A British technology company has been bought by Google as the search giant looks to self-driving cars and robots for new sources of business.
Co-founded by 37-year-old neuroscientist Demis Hassabis, artificial intelligence start-up DeepMind Technologies reportedly fetched more than 400 million dollars (£242 million) to make it Google’s largest ever European acquisition.
DeepMind’s technology helps computers think like humans and has so far been used in simulations, e-commerce and games, according to its website.
Mr Hassabis, a former teenage chess prodigy who founded the company with Shane Legg and Mustafa Suleyma, is also known for a previous career in video game design and for being behind the celebrated Theme Park simulation title from the mid-1990s.
The London-based company’s website claims to have the backing of “some of the most iconic technology entrepreneurs and investors of the past decade” and is reported to employ around 75 people.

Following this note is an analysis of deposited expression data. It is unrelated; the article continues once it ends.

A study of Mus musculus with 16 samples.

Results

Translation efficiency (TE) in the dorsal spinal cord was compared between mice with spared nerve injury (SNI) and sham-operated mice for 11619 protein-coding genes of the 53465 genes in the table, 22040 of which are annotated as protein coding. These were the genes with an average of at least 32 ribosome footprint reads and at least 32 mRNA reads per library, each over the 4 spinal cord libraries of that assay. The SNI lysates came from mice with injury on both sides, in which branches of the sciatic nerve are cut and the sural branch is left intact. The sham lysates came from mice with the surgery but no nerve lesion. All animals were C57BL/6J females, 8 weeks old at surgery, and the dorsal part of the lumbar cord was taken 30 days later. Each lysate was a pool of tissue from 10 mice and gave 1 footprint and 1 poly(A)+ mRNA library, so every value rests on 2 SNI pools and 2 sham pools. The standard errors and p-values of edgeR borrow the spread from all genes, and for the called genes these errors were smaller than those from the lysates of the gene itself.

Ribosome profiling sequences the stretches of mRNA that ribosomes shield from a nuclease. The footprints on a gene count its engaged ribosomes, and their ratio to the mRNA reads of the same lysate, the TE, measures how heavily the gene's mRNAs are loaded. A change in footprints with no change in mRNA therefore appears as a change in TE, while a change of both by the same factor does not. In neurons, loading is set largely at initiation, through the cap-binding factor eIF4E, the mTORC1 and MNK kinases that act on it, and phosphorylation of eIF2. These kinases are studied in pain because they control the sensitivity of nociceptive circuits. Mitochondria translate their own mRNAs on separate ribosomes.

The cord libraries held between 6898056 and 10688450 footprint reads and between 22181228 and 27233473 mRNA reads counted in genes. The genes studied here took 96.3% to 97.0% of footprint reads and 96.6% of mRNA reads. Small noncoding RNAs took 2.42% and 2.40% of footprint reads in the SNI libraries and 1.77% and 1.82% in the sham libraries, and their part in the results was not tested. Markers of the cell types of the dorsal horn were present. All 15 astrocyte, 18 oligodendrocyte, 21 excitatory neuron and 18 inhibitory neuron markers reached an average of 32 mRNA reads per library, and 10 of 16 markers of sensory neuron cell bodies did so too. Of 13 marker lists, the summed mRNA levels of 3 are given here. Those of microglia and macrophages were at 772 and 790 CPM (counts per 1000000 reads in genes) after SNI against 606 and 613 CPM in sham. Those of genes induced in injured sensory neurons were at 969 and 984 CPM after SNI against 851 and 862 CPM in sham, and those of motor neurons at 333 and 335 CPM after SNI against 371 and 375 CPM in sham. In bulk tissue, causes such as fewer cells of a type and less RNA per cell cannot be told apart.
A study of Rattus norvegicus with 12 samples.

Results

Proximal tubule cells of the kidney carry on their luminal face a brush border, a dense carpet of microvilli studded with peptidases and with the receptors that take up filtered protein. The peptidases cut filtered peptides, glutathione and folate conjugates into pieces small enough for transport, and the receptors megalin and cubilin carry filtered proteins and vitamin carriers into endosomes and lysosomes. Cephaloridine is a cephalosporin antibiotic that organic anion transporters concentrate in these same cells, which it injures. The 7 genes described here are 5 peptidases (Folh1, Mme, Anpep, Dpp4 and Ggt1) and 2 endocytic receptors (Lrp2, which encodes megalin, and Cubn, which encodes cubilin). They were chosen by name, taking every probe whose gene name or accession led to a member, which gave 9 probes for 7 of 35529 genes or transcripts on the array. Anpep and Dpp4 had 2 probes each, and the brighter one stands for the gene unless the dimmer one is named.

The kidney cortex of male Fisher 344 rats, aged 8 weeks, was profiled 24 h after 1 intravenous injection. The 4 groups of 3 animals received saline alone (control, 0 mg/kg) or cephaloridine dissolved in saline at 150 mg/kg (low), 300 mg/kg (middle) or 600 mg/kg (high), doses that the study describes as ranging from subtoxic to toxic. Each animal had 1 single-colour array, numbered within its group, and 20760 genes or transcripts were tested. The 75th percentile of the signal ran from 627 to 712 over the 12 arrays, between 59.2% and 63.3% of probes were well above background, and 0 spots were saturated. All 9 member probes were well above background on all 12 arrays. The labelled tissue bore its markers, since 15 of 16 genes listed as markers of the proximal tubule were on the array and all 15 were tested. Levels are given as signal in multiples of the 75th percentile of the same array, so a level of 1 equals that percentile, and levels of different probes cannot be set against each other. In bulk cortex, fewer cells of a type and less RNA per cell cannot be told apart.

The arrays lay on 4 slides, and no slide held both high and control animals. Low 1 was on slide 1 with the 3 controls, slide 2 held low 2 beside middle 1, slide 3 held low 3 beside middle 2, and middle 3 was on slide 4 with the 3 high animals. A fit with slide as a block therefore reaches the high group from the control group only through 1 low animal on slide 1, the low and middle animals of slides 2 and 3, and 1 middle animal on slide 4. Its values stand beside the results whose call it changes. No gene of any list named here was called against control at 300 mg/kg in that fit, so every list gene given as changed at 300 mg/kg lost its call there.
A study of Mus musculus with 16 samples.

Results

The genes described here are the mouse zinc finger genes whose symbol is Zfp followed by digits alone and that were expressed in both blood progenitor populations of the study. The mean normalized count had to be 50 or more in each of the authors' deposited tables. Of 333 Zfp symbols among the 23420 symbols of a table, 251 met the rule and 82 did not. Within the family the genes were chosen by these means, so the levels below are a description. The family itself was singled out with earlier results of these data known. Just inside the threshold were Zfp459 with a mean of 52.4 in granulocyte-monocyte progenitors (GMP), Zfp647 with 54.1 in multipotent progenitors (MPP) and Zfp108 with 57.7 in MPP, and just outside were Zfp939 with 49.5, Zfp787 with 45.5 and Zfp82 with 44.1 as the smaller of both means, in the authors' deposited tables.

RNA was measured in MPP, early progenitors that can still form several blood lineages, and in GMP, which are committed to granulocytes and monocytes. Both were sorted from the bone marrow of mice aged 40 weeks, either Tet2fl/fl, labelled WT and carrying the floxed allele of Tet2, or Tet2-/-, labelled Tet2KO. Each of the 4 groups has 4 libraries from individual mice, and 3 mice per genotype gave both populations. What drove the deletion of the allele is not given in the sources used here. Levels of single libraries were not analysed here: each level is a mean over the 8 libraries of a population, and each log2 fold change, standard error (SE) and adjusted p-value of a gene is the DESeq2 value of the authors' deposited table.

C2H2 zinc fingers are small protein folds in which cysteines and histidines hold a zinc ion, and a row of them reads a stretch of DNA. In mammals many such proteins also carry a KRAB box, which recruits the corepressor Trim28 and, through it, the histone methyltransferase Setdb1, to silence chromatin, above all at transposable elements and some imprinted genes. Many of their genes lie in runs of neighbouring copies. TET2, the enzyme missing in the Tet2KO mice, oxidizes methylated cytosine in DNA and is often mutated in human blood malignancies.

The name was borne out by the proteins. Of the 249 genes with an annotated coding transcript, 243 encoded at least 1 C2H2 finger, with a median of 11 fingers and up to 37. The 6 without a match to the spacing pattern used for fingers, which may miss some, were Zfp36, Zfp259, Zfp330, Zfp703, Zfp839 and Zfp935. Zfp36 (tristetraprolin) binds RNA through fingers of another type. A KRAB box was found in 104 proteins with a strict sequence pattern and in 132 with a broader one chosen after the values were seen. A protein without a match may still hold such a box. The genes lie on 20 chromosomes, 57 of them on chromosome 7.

Google has not detailed any plans for the group, but technology publication The Information said the deal has prompted it to set up an ethics board to ensure the technology is not abused. It added that Facebook had also been interested in buying DeepMind last year.
The move is the latest in a string of technology acquisitions for Google as it seeks to diversify revenues. It bought several robotics companies last year, including US-based Boston Dynamics, which develops fast robots resembling animals and has strong links to the military.
It also comes alongside the rising profile of UK-based technology start-ups, with London seeing an influx of budding entrepreneurs launching businesses near its so-called Silicon Roundabout. The area is also an increasingly popular choice for Silicon Valley companies looking for a springboard to launch into Europe.
Google confirmed it had bought DeepMind but declined to comment further.